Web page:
With just nine players selected, this year's Rule 5 draft produced the fewest picks in the last 15 years.

David Manning-USA TODAY Sports

This winter's Rule 5 Draft was an exercise in utility.

The first pick overall belonged to the Astros, and they used it to select lefty Patrick Schuster, who was then dealt to San Diego to complete Houston acquisition of Anthony Bass. Schuster was originally drafted by Padres general manager Josh Byrnes in the 2009 Rule 4 Amateur Draft, when Byrnes was with Arizona.

With the second pick, the White Sox chose catcher Adrian Nieto, who could compete for the backup role for the club in 2013. Nieto is a six-year minor league veteran, originally drafted by Washington in the 5th round of the 2008 draft.

The Blue Jays also traded their pick. After selecting Brian Moran, a left hander from the Mariners organization, they traded him to the Angels for $244,000 in international cap space. Moran is the brother of the Marlins' first round Rule 4 pick, Colin Moran.

The Mets followed suit, trading their selection, Seth Rosin (from the Phillies' organization) to the Dodgers for cash.

There might not be any future stars like Josh Hamilton or Joakim Soria in this crop of Rule Fivers, but teams have been able to use the draft as a vehicle for lesser moves.

Here's a full recap of the players selected in the Major League Phase:

Astros: Patrick Schuster, LHP, ARI -- Traded to the Padres to complete deal for Anthony Bass

3.55 career ERA in 309.1 IP, High-A Visalia || The Padres could attempt to stash Schuster deep in the bullpen in an effort to hang on to him past the 2014 season. He must stay with the MLB club throughout to stay with in San Diego.

White Sox: Adrian Nieto, C, WAS

.254/.346/.386 career batting line, High-A Potomac || A backup role is likely, but the Sox might keep 3 catchers on the roster for parts of the season to avoid relying on Nieto too heavily.

Phillies: Kevin Munson, RHP, ARI

4.41 career ERA in 181.1 IP, Triple-A Reno || Munson has been a reliever for his entire minor-league career, climbing as high as Triple-A with the D-backs. He could serve the same role in Philly, but they'll likely limit his innings and try to occasionally stash him on the DL if they can.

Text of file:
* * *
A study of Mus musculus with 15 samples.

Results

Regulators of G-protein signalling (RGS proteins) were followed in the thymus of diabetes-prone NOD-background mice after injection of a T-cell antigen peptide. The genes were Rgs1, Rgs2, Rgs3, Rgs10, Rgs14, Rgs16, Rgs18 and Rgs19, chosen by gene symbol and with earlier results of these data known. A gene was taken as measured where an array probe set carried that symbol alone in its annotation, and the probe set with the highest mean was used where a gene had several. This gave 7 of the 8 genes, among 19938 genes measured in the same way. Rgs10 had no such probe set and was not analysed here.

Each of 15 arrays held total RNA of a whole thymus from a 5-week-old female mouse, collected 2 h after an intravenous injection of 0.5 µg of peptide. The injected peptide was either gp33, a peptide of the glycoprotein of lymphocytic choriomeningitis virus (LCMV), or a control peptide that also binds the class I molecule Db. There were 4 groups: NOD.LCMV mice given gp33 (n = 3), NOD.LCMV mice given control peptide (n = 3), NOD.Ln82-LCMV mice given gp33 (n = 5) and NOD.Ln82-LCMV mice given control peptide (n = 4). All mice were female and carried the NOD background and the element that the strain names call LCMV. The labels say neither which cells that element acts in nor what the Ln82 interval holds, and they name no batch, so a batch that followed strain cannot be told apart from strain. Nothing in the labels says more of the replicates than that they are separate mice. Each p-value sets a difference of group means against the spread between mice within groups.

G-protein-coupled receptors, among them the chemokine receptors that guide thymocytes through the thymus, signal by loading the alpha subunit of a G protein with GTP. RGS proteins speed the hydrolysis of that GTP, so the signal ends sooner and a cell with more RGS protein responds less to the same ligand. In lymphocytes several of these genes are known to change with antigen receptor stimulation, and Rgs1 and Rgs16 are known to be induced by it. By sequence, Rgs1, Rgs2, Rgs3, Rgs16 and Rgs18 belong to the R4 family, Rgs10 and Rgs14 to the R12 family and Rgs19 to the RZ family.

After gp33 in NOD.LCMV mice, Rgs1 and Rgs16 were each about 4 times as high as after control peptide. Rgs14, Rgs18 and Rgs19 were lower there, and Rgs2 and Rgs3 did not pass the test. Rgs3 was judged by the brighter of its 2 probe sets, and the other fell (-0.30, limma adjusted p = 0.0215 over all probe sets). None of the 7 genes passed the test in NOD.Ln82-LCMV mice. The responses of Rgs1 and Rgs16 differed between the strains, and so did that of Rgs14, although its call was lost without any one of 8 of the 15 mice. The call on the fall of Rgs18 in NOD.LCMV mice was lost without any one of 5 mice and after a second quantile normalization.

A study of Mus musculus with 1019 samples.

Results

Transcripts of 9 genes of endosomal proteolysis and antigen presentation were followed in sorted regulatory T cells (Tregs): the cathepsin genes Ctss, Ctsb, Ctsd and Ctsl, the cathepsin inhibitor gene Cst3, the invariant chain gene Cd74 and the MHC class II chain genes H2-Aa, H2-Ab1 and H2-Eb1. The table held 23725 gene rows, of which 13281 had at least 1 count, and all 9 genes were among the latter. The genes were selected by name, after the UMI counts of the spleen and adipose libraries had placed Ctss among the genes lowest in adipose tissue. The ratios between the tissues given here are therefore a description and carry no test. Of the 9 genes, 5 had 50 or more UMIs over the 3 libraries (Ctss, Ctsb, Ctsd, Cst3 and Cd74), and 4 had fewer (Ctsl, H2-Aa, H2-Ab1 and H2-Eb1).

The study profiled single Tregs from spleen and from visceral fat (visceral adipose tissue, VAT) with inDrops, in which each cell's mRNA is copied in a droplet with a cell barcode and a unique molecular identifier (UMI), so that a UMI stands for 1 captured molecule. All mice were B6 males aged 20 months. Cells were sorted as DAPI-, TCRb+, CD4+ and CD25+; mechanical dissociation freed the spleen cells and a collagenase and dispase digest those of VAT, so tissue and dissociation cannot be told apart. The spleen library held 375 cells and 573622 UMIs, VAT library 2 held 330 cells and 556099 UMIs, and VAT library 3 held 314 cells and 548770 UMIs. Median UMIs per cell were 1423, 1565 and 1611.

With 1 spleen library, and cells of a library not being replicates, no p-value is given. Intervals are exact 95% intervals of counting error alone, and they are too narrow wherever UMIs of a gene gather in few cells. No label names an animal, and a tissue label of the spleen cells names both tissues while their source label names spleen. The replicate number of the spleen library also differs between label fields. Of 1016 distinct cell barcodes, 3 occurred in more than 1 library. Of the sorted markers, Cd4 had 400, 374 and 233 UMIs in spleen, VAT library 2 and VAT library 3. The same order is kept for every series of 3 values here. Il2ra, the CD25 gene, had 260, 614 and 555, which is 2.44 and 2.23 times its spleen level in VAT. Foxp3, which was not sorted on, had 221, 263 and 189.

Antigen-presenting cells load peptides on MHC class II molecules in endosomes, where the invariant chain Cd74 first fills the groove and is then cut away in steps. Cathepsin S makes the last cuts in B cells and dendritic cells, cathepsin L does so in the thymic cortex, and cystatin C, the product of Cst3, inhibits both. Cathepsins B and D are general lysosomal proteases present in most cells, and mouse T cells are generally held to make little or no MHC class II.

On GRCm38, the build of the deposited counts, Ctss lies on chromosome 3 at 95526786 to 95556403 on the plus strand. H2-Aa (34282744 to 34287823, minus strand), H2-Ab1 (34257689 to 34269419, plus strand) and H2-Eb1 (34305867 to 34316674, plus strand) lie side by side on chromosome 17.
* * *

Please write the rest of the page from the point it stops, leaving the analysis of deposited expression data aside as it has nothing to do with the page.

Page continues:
Rockies: Thomas Kahnle, RHP, NYY

3.07 career ERA in 214 IP, Double-A Trenton || Kahnle was a local product in the Yanks' system, and had a promising 2013 season, putting up a 2.85 ERA and saving 15 games in Trenton. The Rockies might plan to use him sparingly, but if they get into a roster crunch, they might have to return him to New York.

Blue Jays: Brian Moran, LHP, SEA -- Traded to the Angels for $244,000 - international cap space

3.06 career ERA in 288 IP, Triple-A Tacoma || The Angels might have designs on trying to develop Moran into a LOOGY. Squirreling him away in the pro clubhouse could be a way for him to learn from big leaguers and get some controlled experience facing the best left-handed hitters in the world. Not a bad way to get your feet wet.

Mets: Seth Rosin, RHP, PHI -- Traded to the Dodgers for cash

4.00 career ERA in 295 IP, Double-A Reading || Apparently, the Dodgers have interest in players that aren't making eight figures a season from time to time. Rosin isn't likely to get to that point in his career, but he could be useful to the Dodgers in the future if they're able to stow him away on the roster through the season.

Brewers: Wei-Chung Wang, LHP, PIT

3.23 career ERA in 47.1 IP, Gulf Coast League || Wang is a 21 year old lefty from Taiwan. He doesn't have much to look at in the way of professional data. From the small sample size the Brewers had to study, they saw something they liked enough to wager a roster spot on him -- at least temporarily.

Diamondbacks: Marcos Mateo, RHP, CHC

5.04 career ERA in 44.2 IP, MLB || Mateo was hit pretty hard in his abbreviated MLB appearances in 2012 and 2013, but his high-80s slider and upper-90s fastball were enough for the D-backs to take a chance on him.

Orioles: Michael Almanzar, 3B, BOS

.250/.302/.373 batting line, Double-A Portland || Almanzar was signed as a teenager by the Red Sox in 2008 for $1.5 million, but the experiment didn't play out the Sox would've liked. He projects as a corner infielder with some pop, and he's come along in terms of getting on base, improving his walk rate in each of the last two seasons.